Firefox OS has arrived in India, in the form of the Intex Cloud Fx and the Spice Fire One handsets. However, initial impressions about the devices and the OS have tended to be less than kind with their performance and hardware attracting criticism. We at TechPP, however, feel that some of the criticism has been a bit unfairly harsh, and that, if handled properly, Firefox OS has immense potential, especially for all those markets where feature phones still dominate. Here’s our seven point defence of the OS based on what we know so far and a few hours with the phones:
Table of Contents
It is NOT for the Android or Asha audience
“You can get better performance from low-end Android and Asha devices,” is a refrain that we heard from many observers at the Firefox OS media events. Well, the stark fact is that Firefox is available on devices that cost about half of those worthies (Rs 1999 and Rs 2299 are the prices of the Cloud Fx and Fire One). It is also an entirely different OS, which works very differently, so we would not draw conclusions too hastily. Asha too was heavily panned as not being a patch on Android when it was launched but well, it went on to do reasonably well. The crux of the matter is that the Firefox OS is not meant for someone who has used an Android or an Asha phone, but for someone who has never used a smartphone, and wants one on a shoestring!
It comes with a powerful browser
Smooth, tabbed browsing with videos that play within the browser itself in a device that costs about USD 35? Yep, we got that on both the Firefox OS phones. Honestly, the browser experience is in itself pretty close to what we have seen on other smartphones and at this price point, that is astonishing.
It has an app ecosystem
There is an app ecosystem around Firefox and it has its fair share of developers. There already are web apps for Facebook, Twitter, Tweetdeck, and YouTube, and we have seen demos of a number of local apps in the works. Top that off with multi-language support, and you know, there is plenty to choose from here. Once again, we would advise against thinking in terms of Android and iOS.
Web apps can run well
Laugh not at Web apps is something that we have learnt at the Firefox OS briefings. In many ways, the folks at Mozilla are doing what Google did with the Chrome OS, focusing on zippy apps that run off the Web and do not guzzle too many resources, and well, while you are not going to be able to play full HD action games on these phones, you will be able to get a decent experience with most news apps and puzzle games. 2048 played very well on both phones and we have been told that a version of Candy Crush Saga is in the works.
It is optimised for GPRS/EDGE
If there is one feature that we LOVE on the Firefox OS devices, it is the fact that they are optimised to perform on relatively slow 2G/GPRS connections. We actually saw the Cricinfo Web app working very decently even on 2G, which was a welcome change. Given the fact that the vast majority of users to this day use 2G connections, we think this is an awesome touch. 3G connectivity is not a boon in financial terms to most people in that USD 30-40 price phone segment.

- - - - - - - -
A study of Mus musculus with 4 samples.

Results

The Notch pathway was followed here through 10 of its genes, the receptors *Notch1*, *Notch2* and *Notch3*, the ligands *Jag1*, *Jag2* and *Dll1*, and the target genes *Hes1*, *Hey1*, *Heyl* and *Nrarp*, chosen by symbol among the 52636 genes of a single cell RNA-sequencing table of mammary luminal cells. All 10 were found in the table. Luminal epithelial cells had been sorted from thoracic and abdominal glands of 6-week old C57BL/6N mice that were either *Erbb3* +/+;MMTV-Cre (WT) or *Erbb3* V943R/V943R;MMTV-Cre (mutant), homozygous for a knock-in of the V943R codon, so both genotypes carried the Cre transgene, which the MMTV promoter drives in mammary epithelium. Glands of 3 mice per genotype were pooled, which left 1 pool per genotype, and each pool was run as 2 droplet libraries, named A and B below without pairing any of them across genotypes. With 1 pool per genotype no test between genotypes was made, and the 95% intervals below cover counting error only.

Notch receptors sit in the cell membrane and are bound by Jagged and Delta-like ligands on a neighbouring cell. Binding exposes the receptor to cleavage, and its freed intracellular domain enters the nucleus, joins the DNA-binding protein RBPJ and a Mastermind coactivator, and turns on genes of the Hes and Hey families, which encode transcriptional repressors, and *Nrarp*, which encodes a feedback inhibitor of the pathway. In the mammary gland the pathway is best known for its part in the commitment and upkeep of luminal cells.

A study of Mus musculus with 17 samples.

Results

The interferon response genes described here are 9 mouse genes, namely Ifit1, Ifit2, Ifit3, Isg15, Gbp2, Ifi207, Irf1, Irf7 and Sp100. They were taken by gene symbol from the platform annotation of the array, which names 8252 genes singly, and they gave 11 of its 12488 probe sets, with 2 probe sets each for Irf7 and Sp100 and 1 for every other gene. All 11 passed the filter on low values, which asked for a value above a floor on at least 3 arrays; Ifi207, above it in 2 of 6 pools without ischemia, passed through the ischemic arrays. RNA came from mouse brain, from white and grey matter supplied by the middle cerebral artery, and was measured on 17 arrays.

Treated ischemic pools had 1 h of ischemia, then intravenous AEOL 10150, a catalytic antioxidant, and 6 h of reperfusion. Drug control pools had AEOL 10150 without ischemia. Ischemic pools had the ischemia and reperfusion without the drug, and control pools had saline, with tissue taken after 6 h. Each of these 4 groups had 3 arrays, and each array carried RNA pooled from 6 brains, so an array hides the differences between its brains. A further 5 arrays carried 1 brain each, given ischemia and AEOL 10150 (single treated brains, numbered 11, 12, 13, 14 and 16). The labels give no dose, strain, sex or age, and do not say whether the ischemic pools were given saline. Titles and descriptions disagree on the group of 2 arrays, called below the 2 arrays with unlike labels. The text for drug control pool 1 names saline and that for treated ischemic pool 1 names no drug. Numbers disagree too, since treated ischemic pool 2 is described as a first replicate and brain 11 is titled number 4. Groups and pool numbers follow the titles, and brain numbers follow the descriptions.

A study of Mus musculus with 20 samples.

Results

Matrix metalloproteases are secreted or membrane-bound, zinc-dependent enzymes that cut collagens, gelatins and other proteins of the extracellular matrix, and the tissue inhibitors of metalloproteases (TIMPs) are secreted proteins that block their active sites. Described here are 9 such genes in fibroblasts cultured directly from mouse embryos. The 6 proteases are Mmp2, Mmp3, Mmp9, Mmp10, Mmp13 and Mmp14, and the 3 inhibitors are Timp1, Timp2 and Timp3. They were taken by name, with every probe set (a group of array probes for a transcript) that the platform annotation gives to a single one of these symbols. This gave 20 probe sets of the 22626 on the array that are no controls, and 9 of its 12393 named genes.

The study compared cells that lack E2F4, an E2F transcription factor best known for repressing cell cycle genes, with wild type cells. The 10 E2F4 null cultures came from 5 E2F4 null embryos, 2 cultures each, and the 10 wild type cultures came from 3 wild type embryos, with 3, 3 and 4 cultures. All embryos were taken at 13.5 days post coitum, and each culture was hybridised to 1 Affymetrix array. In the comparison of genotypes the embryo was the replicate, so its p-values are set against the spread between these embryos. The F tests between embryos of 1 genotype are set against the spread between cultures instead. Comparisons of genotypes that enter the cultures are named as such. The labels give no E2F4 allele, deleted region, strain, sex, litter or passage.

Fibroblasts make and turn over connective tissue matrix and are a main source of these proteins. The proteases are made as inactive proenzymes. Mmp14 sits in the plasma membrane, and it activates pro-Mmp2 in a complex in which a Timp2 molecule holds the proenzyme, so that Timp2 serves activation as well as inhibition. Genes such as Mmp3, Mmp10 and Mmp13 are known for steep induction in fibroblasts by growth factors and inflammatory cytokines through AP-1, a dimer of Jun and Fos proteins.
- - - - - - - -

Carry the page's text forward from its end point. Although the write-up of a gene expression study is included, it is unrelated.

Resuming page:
It is not about the hardware
Oh the irony – we heard this argument when we heard iOS fans defending it against the multi-core processored, full HD display-laden Android superphones. But well, the same argument holds true here. We have heard people snigger about the 480 x 320 resolution, the TFT displays and the low megapixel counts of the cameras on the Firefox phones. Yes, they are inferior to what you would get on a low-end Android device these days, but look at it in another way – a Firefox OS phone does not NEED 1 GB of RAM to operate smoothly and can do reasonably well in an eighth of that amount, and well most websites looked just fine in 480 x 320 resolution. And that really is the thing about the Firefox OS – it works very well for its price point. Take it from us, folks, the biggest mistake you could make about a Firefox OS device would be to judge it by its spec sheet!
It is about the price
The bottom line rule: the biggest ace Firefox OS has up its sleeves is the price of the devices it runs on. It may not appear as snazzy as iOS and Android, but it runs on devices that would be considered super bare bones by other operating systems. You need 512 MB RAM at the very least to get a decent Android and Windows Phone experience, and gigabytes of onboard storage. Firefox can run on 128 MB RAM and 256 ROM, and while you cannot install apps on memory cards yet (that feature is coming shortly) most Web apps are so small in size that you will be able to install a couple of dozen on the devices without too much fuss. Basically, you can get a decent smartphone experience at a price that is astoundingly low.
So should you consider purchasing a Firefox OS phone? While we don’t see the iOS/Android/BB/WP crowd clamouring for it, we honestly cannot see a feature phone user resisting it, even based on our limited experience. The strength of most smartphones flows from the Internet experience they offer, and Firefox OS ticks a number of boxes in that department.
No, it ain’t Android. It ain’t Asha. And know something? It does not want to be either.
It is not a Nano pretending to be a Merc. It is a honest to goodness bicycle that rides beautifully and at the end of day, if handled properly, will take you to your destination.